Henry Co. deputies take part in warrant sweep

By Jason A. Smith


Henry County Sheriff Keith McBrayer said a recent multi-agency law enforcement operation helped his department to apprehend more than two dozen suspects.

Twenty-five local deputies participated in Operation Safe Streets April 6 through April 8, along with representatives from the U.S. Marshal's Service and sheriff's offices in Clayton, DeKalb, Rockdale, Gwinnett, Fulton and Cobb counties.

In Henry, McBrayer said, 27 suspects were arrested on warrants during the three-day period.

"Of these, three were arrested for burglary, one for aggravated assault [and] one for child abuse," McBrayer said. "Six were wanted in other metro counties."

McBrayer said the U.S. Marshal's Service used its databases and other resources to assist in developing leads. He added that the operation sends a message to the 4,500 individuals in the county for whom warrants are active in Henry.

"We're going to keep looking for them until we get them," McBrayer said. "It's just a matter of when that happens."

Agencies involved in the sweep shared information, said McBrayer, in order to increase their chances of apprehending suspects.

"There were warrants where we had addresses in other counties, and information for warrants that [other agencies] had ... in Henry County," McBrayer said. "We got together and basically went out on these three nights to see how many people we could round up that were on these dangerous charges that needed to be arrested.

"Some of these people that we arrested may very well know each other," the sheriff added. "By going out at the same time, it prevents people from tipping off other people that they're being looked for."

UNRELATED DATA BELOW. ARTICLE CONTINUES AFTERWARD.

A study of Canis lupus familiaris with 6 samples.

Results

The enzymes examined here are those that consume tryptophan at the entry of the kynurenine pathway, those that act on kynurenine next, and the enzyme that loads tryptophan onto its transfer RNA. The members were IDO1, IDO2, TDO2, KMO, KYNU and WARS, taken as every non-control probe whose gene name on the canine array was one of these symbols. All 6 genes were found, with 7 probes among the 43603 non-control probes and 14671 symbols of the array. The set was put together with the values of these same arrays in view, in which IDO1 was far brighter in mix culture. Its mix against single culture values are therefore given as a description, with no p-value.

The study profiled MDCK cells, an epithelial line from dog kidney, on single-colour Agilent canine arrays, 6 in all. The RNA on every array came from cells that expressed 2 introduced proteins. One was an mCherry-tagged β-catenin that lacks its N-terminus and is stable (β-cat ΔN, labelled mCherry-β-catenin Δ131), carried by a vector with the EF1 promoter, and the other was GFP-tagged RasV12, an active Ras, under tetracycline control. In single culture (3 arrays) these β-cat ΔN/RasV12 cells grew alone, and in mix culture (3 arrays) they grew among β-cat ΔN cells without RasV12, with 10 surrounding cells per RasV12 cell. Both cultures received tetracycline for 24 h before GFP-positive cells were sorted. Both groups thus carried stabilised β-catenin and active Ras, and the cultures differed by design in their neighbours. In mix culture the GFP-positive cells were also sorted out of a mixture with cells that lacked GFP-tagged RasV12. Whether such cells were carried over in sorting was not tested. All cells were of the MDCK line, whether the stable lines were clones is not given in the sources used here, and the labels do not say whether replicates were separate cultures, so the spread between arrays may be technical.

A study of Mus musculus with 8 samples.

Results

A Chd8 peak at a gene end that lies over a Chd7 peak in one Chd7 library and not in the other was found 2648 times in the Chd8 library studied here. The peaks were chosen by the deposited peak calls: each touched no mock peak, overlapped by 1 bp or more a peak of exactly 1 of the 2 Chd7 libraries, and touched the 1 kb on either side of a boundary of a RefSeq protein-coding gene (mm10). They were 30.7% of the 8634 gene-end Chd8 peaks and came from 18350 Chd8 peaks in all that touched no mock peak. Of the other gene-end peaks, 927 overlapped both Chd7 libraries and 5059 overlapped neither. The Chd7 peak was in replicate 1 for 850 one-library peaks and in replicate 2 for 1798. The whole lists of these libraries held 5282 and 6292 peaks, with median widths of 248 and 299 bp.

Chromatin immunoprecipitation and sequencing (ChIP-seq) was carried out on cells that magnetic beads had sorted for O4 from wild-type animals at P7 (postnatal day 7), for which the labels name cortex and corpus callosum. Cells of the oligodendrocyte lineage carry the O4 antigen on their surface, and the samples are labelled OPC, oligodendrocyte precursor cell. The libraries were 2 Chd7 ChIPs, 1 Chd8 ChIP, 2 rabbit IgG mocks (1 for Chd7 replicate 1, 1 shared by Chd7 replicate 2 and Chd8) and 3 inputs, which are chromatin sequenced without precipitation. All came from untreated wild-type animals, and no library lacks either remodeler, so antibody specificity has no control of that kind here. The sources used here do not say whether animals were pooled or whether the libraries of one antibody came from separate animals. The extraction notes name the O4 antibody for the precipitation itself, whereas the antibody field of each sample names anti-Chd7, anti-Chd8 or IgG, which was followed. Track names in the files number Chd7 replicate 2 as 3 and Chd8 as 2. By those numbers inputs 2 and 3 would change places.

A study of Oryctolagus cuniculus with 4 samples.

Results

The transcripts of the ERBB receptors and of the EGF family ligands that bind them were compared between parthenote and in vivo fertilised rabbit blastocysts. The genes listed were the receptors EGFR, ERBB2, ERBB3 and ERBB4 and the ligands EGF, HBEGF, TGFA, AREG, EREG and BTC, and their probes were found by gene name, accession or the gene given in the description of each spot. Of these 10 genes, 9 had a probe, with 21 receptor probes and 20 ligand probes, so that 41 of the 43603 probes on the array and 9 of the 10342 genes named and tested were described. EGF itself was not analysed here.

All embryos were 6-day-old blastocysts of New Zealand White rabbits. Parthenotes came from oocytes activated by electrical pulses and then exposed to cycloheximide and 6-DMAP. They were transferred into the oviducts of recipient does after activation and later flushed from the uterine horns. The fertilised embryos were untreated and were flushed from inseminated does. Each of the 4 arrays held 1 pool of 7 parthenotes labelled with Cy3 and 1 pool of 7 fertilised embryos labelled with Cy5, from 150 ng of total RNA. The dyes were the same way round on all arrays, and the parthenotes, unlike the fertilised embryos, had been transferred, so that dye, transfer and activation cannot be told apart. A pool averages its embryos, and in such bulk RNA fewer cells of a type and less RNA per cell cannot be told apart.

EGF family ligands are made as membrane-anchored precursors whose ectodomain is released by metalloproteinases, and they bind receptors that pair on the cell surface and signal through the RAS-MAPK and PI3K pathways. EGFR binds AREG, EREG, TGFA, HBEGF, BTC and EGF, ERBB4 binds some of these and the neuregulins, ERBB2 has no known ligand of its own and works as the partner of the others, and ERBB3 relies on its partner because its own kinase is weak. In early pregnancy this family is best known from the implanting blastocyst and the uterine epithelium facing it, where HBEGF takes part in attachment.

A combination of investigative tools were used over several weeks' time to obtain addresses for suspects and locate them, said McBrayer. Many suspects, he said, "don't stay in one place for a long period of time."

"We started gathering information on work addresses, friends, relatives, where they may be staying if they weren't staying at the last known address that we had on them at the time," McBrayer continued. "If DeKalb County has someone in jail and they had an address for them, and we ended up having them in jail six months later with a different address, if DeKalb County gets another warrant and goes to look for this person ... we can get the most current addresses that these people have."

McBrayer described the operation as "successful" in tracking down suspects, and protecting the public.

"If we get them arrested, it's going to be safer for the rest of the people because most of these people are repeat offenders," he said. "If we can get them in jail, we can make the streets safer."

McBrayer said he hopes to build on the results of the operation and participate in similar sweeps in the future.

Keith Booker, the commander of the U.S. Marshal's Service Southeast Regional Fugitive Task Force in Atlanta, said Operation Safe Streets increased manpower for the purpose of catching alleged criminals.

Booker credited McBrayer and Henry deputies for running "a very efficient operation" during the sweep.

"The people who Henry County was looking for may not have all been wanted out of Henry County, but if they were wanted in another county and are in Henry County, it would still make Henry County safer to catch them," Booker said.